Any serious DIYer should have their own workbench, so why not use your DIY skills and make your very own.
90mm × 90mm
200mm × 25mm
300mm × 50mm
3 × 2 Rails
75mm × 50mm
75mm × 10mm
Cut the legs to length. A good height for a bench is 900mm. Our benchtop is 50mm thick so we’ve pre-cut the legs to 850mm.
For the frame, we’re using 3x2 rails that are 75x50mm. The rails need to fit flush with the legs so we need to cut a rebate into the legs so this can happen. To do this, first mark out the rebate: at the top of the leg draw around the rail with a pencil ensuring the top of the rail is flush with the leg. For the bottom rebate, measure 100mm up from the bottom of the leg and mark with a pencil on the top where the rail sits, this will be where the bottom of the rebate will be. Draw another line parallel to this first line to mark the thickness of your rail and then mark the thickness of the rail on both sides of the leg. Square up all the marks so it is clear what you need to rebate.
To cut the rebate, use a circular saw (or drop saw). Adjust the blade to the depth of the rebate, then use a series of small cuts across the width of the leg to create fins. With a chisel and hammer, put a slight indent along the pencil line on both sides of the leg then snap off the fins by levering them from either side with the chisel. To finish, tidy up your rebate with the chisel.
Next, cut to length each rail and side and cut a 45 degree mitre angle on the ends of your rails. The bench is 1.7m long and 700mm wide so the rails should be cut to these lengths to the end of the mitre points.
Fix the rails into place using the coach screws. The side rails should have two screws at each end placed 22mm from the inside of the leg and 15mm from the edges. The end rails only need one screw on each end, which should be in the centre of the rail (35mm) and 22mm from the end. Remember to pre-drill the holes for all screws before inserting them into place to avoid the wood splitting.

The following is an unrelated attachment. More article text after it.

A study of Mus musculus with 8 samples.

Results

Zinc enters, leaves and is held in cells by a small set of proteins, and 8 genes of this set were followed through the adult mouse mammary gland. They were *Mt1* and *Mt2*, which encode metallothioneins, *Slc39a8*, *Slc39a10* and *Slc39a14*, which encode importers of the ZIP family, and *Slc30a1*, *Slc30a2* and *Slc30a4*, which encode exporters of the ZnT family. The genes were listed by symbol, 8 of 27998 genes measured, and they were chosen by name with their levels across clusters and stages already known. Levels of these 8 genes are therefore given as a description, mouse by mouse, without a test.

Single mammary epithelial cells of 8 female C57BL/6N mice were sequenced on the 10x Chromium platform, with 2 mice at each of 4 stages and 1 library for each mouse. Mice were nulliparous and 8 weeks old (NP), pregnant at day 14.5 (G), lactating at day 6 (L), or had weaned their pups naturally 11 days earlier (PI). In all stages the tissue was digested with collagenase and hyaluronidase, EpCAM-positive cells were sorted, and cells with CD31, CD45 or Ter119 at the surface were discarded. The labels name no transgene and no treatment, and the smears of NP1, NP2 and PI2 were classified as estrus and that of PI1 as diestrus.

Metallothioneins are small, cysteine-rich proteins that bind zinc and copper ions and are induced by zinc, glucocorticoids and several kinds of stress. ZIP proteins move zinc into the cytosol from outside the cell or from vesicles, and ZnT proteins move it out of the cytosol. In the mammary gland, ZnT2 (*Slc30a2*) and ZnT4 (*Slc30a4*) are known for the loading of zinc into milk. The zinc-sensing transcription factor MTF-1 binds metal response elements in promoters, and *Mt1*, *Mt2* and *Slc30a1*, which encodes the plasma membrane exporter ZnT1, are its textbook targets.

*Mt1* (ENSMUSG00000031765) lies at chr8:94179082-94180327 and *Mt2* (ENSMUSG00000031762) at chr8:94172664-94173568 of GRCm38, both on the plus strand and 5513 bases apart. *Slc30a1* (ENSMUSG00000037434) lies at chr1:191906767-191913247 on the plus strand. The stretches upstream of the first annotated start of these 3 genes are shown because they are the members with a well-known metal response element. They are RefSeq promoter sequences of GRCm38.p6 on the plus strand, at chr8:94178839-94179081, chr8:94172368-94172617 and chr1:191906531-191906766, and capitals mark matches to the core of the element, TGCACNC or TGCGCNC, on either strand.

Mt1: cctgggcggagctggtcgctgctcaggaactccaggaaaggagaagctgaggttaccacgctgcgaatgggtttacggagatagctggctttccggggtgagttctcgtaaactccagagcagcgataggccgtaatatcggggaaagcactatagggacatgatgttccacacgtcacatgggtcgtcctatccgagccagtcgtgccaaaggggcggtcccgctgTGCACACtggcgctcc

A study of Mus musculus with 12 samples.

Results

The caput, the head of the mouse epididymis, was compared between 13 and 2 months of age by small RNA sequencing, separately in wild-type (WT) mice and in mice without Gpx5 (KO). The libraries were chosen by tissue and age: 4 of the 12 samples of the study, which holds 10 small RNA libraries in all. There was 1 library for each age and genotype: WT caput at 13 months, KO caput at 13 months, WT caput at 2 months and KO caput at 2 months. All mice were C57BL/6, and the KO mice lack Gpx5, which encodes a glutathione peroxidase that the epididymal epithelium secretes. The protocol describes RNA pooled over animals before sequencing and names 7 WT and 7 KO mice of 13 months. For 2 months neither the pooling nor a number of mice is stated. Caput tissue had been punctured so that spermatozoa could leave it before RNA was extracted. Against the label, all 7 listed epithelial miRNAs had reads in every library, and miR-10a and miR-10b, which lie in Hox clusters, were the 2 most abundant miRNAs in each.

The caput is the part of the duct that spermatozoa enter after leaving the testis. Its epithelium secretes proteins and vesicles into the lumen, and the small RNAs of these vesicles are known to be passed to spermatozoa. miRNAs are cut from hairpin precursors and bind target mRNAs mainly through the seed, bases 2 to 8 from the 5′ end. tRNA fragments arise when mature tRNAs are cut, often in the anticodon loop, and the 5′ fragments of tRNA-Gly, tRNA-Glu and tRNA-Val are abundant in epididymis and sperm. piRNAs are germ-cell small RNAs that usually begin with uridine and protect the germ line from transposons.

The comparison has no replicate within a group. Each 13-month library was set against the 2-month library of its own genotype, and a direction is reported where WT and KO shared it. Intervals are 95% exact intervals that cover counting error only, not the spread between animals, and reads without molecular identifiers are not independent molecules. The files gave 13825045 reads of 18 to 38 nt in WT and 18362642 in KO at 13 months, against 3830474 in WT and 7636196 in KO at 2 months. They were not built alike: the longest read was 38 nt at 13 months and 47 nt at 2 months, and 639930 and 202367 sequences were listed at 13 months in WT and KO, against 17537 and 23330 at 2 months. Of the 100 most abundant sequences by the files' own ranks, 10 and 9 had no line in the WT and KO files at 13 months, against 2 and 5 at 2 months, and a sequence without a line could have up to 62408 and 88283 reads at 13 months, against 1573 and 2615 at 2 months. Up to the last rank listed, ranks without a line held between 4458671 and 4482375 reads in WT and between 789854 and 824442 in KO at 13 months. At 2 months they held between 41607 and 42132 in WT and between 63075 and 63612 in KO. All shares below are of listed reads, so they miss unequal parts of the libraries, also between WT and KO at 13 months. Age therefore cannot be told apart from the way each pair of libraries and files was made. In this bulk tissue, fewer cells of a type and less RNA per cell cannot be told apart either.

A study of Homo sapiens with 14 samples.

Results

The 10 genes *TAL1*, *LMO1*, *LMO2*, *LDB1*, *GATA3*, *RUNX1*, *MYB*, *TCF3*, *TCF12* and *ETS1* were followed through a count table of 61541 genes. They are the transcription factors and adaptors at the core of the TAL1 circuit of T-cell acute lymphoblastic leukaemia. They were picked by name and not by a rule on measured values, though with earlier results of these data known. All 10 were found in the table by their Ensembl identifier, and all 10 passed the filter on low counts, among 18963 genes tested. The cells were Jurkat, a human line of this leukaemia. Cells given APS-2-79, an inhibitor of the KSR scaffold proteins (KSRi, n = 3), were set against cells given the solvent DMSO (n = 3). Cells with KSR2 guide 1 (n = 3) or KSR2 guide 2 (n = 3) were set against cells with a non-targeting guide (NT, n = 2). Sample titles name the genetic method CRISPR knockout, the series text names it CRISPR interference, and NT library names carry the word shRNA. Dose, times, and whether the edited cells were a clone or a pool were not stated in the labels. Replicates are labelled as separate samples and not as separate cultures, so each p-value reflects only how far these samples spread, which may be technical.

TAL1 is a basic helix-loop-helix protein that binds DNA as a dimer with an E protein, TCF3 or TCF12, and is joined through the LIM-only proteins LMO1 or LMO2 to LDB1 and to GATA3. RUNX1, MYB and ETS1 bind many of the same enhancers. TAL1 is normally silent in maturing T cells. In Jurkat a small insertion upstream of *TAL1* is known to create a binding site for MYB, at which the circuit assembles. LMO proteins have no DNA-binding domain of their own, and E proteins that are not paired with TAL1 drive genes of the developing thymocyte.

You should now have the frame for your work bench. Check it is square, by measuring both the diagonals. The measurements should be the same. You can straighten up if you need to by shuffling the frame.
You now need to put in the support rails. You’ll need one to go across the width of the top of the bench and one to go the length of the bench at the bottom. Measure the distance in between the rails, width and length and cut your two support rails to size. Screw into place with two screws at each end, remembering to pre-drill your holes first.
Create the shelf with the 200x25mm palings. Cut these to the width of the bench. Lay out as many as you can, flat along the base frame and then measure the width of the gaps remaining. Divide the total gap width by two and then cut your remaining palings to this width – this ensures you have two even palings on each end. The bench legs are 90x90mm so you need cut this out of each end of the outer palings so that they fit around the legs.
Next, pre-drill the screw holes to secure the palings in place. They should be 25mm from the end of the board and 35mm from each edge. Start at one end and work your way to the other.
Now complete the top of the bench. We’ve used three 300x50 planks and cut them to 1800mm long to create a 50mm overhang each end of the bench.
Place the planks on top of the frame and use a sash clamp to secure the three planks together. Then use a ruler to measure the 50mm overhang at one end and then check the measurement at the other end. Use a bench vice to secure the planks down on to the rails.
Now we need to screw the planks in. To do this we are going to screw from underneath, through the rail and up into the bench top. You need to secure each board with two screws. The middle board will have two 50mm from each end while the two outer boards will have one 50mm from the end and the other on the outer side of the leg. Do this on both ends.